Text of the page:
An 1847 depiction of the Norse Yggdrasil as described in
the Icelandic Prose Edda  by Oluf Olufsen Bagge

Biblical Tree of Life and Tree of Knowledge of Good and Evil in Christianity
•    Saint Bonaventure taught that the medicinal fruit of the Tree of Life is Christ himself.
•    Saint Albert the Great taught that the Eucharist, the Body and Blood of Christ, is the Fruit of the Tree of Life.
•    Augustine of Hippo said that the tree of life is Christ:
Augustine continued:  “All these things stood for something other than what they were, but all the same they were themselves bodily realities. And when the narrator mentioned them he was not employing figurative language, but giving an explicit account of things which had a forward reference that was figurative. So then the tree of life also was Christ... and indeed God did not wish the man to live in Paradise without the mysteries of spiritual things being presented to him in bodily form. So then in the other trees he was provided with nourishment, in this one with a sacrament... He is rightly called whatever came before him in order to signify him.”

The tree first appeared in Genesis 2:9 and 3:22-24 as the source of eternal life in the Garden of Eden, from which access is revoked when man is driven from the garden. It then reappears in the last book of the Bible, the Book of Revelation, and most predominantly in the last chapter of that book (Chapter 22) as a part of the new garden of paradise.
Access is then no longer forbidden, for those who “wash their robes” (or as the textual variant in the King James Version has it, “they that do his commandments”) “have right to the tree of life” (v.14).
A similar statement appears in Rev 2:7, where the tree of life is promised as a reward to those who overcome. Revelation 22 begins with a reference to the “pure river of water of life” which proceeds “out of the throne of God”. The river seems to feed two trees of life, one “on either side of the river” which “bear twelve manner of fruits” “and the leaves of the tree were for healing of the nations” (v.1-2).

Or this may indicate that the tree of life is a vine that grows on both sides of the river, as John 15:1 would hint at.  In Eastern Christianity the tree of life is the love of God.

Hewlett  Edwards wrote in The Fig Tree:  “There is a saying among the south sea islanders: “Know the roots and you will know the tree. Know the tree and behold! It will answer to your cultivation.”

Edwards continued:  “History is the endless record of experiments; a series that cannot be broken and of which there is never complete specification nor adequate separation from a multiplicity of similar operations.   The movement of events cannot be arrested for examination and analysis, history shows and must show approximation upon approximation. Within itself each event appears to be complete and completed, it cannot be undone; but, as a part of a series which is one whole, what is so indeterminate as an isolated event? It seems conclusive, yet it is always moving on to fresh conclusions. It is in this difficult complexity that policy is crystallised and becomes history in which men of understanding as well as of action have erected signposts for the use of their successors…”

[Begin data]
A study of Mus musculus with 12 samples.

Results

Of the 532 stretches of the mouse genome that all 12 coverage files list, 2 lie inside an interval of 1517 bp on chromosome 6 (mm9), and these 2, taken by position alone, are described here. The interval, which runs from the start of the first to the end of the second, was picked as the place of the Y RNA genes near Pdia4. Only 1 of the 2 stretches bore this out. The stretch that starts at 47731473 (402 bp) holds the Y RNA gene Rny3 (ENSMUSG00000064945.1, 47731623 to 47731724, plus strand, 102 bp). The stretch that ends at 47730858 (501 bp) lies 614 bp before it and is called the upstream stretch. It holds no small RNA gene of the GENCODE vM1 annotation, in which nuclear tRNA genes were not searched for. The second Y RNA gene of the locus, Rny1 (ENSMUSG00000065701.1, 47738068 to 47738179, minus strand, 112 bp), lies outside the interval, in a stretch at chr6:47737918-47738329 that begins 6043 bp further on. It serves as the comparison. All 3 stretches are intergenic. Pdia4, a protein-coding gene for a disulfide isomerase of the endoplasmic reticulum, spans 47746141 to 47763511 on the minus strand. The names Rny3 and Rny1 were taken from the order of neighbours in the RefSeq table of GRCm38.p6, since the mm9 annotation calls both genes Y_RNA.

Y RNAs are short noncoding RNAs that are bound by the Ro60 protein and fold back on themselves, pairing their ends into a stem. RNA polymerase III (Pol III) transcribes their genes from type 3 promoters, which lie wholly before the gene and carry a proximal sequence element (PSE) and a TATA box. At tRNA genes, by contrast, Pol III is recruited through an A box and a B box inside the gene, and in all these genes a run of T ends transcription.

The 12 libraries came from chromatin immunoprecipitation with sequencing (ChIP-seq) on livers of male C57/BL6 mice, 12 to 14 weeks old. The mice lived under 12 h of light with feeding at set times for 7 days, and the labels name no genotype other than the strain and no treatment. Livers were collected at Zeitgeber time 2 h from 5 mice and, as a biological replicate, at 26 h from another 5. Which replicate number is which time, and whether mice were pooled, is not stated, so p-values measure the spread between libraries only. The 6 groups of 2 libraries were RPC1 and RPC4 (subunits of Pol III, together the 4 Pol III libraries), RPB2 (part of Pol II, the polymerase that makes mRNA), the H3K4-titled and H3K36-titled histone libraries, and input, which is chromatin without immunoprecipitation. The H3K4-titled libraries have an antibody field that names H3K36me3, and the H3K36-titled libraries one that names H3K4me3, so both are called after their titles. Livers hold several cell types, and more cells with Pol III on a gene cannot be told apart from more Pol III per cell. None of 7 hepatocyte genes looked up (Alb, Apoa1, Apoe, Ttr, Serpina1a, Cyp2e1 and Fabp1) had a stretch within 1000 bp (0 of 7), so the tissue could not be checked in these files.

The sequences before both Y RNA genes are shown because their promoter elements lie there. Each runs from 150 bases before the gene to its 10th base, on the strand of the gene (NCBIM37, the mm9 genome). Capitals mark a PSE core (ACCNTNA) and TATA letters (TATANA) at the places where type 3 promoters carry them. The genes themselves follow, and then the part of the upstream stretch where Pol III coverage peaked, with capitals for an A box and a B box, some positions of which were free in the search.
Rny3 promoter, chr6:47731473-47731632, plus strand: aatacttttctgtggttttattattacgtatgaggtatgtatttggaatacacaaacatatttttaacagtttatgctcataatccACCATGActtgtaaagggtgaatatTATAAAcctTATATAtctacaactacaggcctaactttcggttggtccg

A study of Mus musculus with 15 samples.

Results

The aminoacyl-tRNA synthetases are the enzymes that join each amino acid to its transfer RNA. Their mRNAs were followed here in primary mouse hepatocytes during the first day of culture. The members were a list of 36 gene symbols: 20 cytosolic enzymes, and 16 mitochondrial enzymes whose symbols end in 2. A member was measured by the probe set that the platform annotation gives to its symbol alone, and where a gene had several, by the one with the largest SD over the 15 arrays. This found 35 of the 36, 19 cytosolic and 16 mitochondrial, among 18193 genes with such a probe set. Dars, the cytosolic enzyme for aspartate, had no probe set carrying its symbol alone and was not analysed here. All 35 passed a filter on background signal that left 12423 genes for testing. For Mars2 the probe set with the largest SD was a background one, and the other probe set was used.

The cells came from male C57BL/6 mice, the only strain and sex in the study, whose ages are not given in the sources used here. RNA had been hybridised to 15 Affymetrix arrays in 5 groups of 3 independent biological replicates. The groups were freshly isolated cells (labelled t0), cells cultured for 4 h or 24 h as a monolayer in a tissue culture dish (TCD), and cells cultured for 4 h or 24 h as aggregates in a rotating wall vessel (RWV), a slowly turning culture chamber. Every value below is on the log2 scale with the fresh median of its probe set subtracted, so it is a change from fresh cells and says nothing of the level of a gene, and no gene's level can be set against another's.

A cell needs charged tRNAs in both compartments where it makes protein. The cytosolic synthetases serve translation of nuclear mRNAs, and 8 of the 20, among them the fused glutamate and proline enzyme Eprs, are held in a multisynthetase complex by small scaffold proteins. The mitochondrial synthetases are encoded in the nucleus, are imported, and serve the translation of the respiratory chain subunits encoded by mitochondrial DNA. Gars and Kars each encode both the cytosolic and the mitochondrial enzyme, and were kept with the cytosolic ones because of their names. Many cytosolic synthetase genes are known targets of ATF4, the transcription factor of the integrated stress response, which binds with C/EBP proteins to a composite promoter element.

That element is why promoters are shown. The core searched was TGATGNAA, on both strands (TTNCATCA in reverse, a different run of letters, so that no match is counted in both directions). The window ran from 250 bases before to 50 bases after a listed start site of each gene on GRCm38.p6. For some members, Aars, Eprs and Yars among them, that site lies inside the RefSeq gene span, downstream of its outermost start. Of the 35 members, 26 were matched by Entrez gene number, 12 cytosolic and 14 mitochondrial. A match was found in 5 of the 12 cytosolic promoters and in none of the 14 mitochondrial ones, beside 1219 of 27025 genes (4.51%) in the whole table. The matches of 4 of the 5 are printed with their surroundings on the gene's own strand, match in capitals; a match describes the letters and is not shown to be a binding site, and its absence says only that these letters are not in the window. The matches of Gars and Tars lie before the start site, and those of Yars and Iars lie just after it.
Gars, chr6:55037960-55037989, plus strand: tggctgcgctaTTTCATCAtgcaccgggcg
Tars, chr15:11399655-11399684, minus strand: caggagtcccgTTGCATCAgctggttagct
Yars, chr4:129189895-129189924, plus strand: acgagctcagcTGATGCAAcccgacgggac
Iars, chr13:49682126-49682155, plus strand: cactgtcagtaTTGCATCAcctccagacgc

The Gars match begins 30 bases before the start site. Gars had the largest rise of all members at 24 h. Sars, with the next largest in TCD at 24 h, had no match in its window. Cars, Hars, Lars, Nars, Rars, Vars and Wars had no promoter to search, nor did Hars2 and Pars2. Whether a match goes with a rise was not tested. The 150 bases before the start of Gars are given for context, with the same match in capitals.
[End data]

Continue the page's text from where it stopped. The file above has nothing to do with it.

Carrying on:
The prophet Micah (iv: 4), saw the time would come when:  “But they shall sit every man under his vine and under his fig tree; and none shall make them afraid.”

C. H. Douglas, 1936 writing of The Canon:
The Fig Tree putteth forth its leaves…   “… in fifteen years the associated ideas of Social Credit have spread from a few articles in The English Review to every country on  earth, have elected one Legislature and a Dominion Parliament, and are profoundly affecting the policy of others.  With no delusions of grandeur, therefore, The Fig Tree putteth forth its leaves.”

The Purpose of Economic Activity
Extract from speech by Clifford Hugh Douglas Ruskin College, Oxford, June 1920:
“The primary object of the whole industrial system should be the delivery to individuals, associated together as the public, or society, of the material goods and services they individually require. This demand of individuals, be it emphasized, is the absolute origin of all activity.
Since men co-operate to satisfy this demand, which is complex in nature, it is necessary to combine the demand, and this combined demand of society is the policy, so far as it is economic, of society as a whole.
The first part of the problem, then, consists in finding a mechanism which will impose this policy on the co-operating producers with the maximum of effectiveness, which always means the minimum of friction.”

In 2008 Frances Hutchinson recorded in the Winter 2008 issue of The Social Crediter:  “The Plant of Civilization Belongs to the Community”

A tree of life is a common motif in various world theologies, mythologies, and philosophies. The concept of a tree of life has been used in science, religion, philosophy, and mythology.

Trees in mythology
Various trees of life are recounted in folklore, culture and fiction, often relating to immortality or fertility. They had their origin in religious symbolism.

The tree of knowledge, connecting to heaven and the underworld, and the tree of life, connecting all forms of creation, are both forms of the world tree or cosmic tree, according to the Encyclopædia Britannica, and are portrayed in various religions and philosophies as the same tree.